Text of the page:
ID fraud-prevention firm LifeLock hit with customer lawsuits
Class actions charge that company is overstating what it does for subscribers
Computerworld - As the CEO of LifeLock Inc., Todd Davis has attracted considerable attention and controversy by publicly posting his Social Security number on the company's Web site and publishing it in ads — all part of an effort to highlight LifeLock's identity theft protection service.
But now LifeLock customers in three states are suing Davis and his company for false advertising and deceptive trade practices. Class-action lawsuits filed over the past few weeks in New Jersey, Maryland and West Virginia allege that Tempe, Ariz.-based LifeLock is overstating the capabilities of its service and misleading customers about the guarantees that it makes to customers.
"Contrary to the all-encompassing impression created through LifeLock's advertisements, the protection it claims to provide only extends to limited instances of identity theft," claims the complaint filed against the company in New Jersey's Middlesex County Superior Court. The complaint also asserts that LifeLock actually has failed to protect Davis' identity, saying that his personal information has been misappropriated in at least 20 separate identity theft incidents.
For fees of $10 per month or $100 annually, LifeLock offers to remove the names of customers from junk-mail lists and place credit alerts on their behalf with all three of the major credit reporting agencies -- Equifax Inc., Experian Inc. and TransUnion LLC. The alerts require creditors to verify the identity of individuals before opening lines of credit or issuing new credit and debit cards in their names.
As part of the service, LifeLock automatically renews the credit alerts every 90 days, which is the maximum period for which they can be placed. According to LifeLock, a subscription also gets customers one free credit report annually from each of the credit reporting bureaus, plus help in notifying the agencies if a payment card is lost or stolen. In addition, LifeLock claims to monitor underground Web sites to see if the Social Security numbers and other personal data of customers are being illegally traded or used.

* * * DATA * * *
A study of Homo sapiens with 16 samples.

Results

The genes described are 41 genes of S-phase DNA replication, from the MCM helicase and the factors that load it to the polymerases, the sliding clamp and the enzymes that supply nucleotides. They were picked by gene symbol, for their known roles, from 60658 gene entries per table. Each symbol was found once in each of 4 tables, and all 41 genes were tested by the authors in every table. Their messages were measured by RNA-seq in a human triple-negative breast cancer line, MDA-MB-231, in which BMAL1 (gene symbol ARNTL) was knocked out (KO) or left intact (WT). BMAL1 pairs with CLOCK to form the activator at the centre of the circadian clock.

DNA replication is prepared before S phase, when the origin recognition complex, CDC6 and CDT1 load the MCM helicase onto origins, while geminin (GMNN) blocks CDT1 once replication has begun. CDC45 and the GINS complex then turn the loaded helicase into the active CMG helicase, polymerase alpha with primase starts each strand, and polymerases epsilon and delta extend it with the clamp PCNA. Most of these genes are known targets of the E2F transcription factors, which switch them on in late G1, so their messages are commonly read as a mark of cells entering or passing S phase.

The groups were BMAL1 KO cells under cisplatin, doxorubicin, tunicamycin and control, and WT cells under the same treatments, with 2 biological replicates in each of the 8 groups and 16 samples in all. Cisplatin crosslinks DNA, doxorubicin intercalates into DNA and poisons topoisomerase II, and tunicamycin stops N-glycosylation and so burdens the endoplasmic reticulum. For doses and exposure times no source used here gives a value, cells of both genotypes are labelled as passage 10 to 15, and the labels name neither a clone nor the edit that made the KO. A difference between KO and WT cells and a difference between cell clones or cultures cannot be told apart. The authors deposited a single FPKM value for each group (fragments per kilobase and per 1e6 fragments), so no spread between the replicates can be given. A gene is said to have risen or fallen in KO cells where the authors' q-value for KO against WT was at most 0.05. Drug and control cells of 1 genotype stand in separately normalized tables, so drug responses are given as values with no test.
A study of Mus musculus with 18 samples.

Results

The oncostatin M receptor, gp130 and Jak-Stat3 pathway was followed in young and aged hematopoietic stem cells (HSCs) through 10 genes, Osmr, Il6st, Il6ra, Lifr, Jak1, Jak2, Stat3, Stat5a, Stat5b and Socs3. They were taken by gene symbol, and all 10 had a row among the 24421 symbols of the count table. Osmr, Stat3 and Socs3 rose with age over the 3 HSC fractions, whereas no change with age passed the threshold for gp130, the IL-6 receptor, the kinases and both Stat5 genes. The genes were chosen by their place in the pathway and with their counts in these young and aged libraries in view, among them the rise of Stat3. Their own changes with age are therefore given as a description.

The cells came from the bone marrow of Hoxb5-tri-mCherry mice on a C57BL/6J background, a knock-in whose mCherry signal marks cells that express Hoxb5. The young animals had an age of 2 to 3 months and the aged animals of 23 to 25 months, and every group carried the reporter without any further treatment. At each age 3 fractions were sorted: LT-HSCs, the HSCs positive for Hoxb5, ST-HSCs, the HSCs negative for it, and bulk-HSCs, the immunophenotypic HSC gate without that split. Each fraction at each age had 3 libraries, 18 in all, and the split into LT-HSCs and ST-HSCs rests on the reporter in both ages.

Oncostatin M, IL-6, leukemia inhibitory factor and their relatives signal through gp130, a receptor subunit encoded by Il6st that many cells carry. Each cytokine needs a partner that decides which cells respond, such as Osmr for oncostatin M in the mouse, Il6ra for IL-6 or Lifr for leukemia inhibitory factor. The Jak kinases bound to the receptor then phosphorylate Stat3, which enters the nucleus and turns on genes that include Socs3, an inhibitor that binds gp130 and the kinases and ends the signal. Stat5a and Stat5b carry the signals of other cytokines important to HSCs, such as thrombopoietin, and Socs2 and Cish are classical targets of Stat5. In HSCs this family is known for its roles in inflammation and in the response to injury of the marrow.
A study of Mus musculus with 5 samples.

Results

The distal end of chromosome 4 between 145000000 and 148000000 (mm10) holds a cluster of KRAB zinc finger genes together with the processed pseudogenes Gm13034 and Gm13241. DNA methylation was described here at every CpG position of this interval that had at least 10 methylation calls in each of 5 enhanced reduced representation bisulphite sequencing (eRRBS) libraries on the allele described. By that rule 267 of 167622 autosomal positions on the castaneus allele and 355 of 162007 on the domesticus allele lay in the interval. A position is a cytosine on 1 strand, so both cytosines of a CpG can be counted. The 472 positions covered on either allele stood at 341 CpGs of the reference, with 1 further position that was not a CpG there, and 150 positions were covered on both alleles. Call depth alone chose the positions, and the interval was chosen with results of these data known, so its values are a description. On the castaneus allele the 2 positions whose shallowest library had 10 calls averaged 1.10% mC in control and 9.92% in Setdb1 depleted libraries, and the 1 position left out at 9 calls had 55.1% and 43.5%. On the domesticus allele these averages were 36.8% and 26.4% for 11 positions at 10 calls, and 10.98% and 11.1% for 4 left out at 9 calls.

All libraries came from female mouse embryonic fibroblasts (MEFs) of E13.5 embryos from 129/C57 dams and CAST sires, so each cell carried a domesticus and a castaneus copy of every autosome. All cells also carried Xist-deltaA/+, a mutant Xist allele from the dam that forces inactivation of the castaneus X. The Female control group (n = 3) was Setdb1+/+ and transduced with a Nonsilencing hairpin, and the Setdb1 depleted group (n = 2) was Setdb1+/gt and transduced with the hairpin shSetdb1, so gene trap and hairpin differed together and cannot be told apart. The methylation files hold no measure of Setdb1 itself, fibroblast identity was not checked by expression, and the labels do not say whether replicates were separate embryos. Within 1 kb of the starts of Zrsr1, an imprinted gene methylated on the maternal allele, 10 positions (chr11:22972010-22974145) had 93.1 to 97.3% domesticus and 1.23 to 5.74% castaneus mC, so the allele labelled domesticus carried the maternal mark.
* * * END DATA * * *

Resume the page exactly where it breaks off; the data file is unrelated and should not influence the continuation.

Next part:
The company, which claims to have more than 900,000 customers, says that it will pay up to $1 million over the course of a subscriber's lifetime to cover any fraud-related costs caused by a failure of its service.
The problem, according to Justin Klein, an attorney for the class-action plaintiffs in New Jersey, is that LifeLock's service doesn't offer the amount of identity protection that its advertisements might lead people to believe. "LifeLock is advertising services that it simply cannot provide," Klein said, adding that the company also conceals some crucial facts from customers.
For example, the service is only useful against fraud that stems from access to a full credit report, Klein contended. He said that LifeLock's claims make it appear that the company can protect customers against all kinds of identity theft fraud, including incidents resulting from hacking and password theft. But that is not the case, Klein said.
LifeLock's ads also fail to mention that some of its services — such as the three annual credit reports it offers to obtain for customers — can be had for free, or that repeatedly placing credit alerts on people's records can adversely affect their ability to get loans and other types of credit, Klein said.
Furthermore, Klein claimed that LifeLock's $1 million reimbursement guarantee is only enforceable in certain very limited circumstances — for instance, if the company failed entirely to place a credit alert on behalf of a customer. The language associated with the guarantee also ensures a great deal of protection for LifeLock itself, according to the New Jersey complaint.
LifeLock officials couldn't be immediately reached for comment on the lawsuits.
The class actions aren't the only legal issues that LifeLock needs to contend with. In February, Experian sued the company in U.S. District Court in California, claiming that it was engaging in deceptive and fraudulent behavior by placing false fraud alerts on the consumer credit-history files maintained by the credit reporting bureau.
Experian alleged that LifeLock's actions were causing millions of dollars in excess administrative costs at the credit reporting firm and that the practices eventually could reduce the effectiveness of fraud alerts.
In response, Davis disputed Experian's interpretation of the use of credit alerts and said that what LifeLock does is perfectly legal. He also claimed that the lawsuit was largely motivated by concerns that LifeLock's service was competing with Experian's own fraud monitoring business and making it harder for Experian to sell credit records to third parties.
Read more about Privacy in Computerworld's Privacy Topic Center.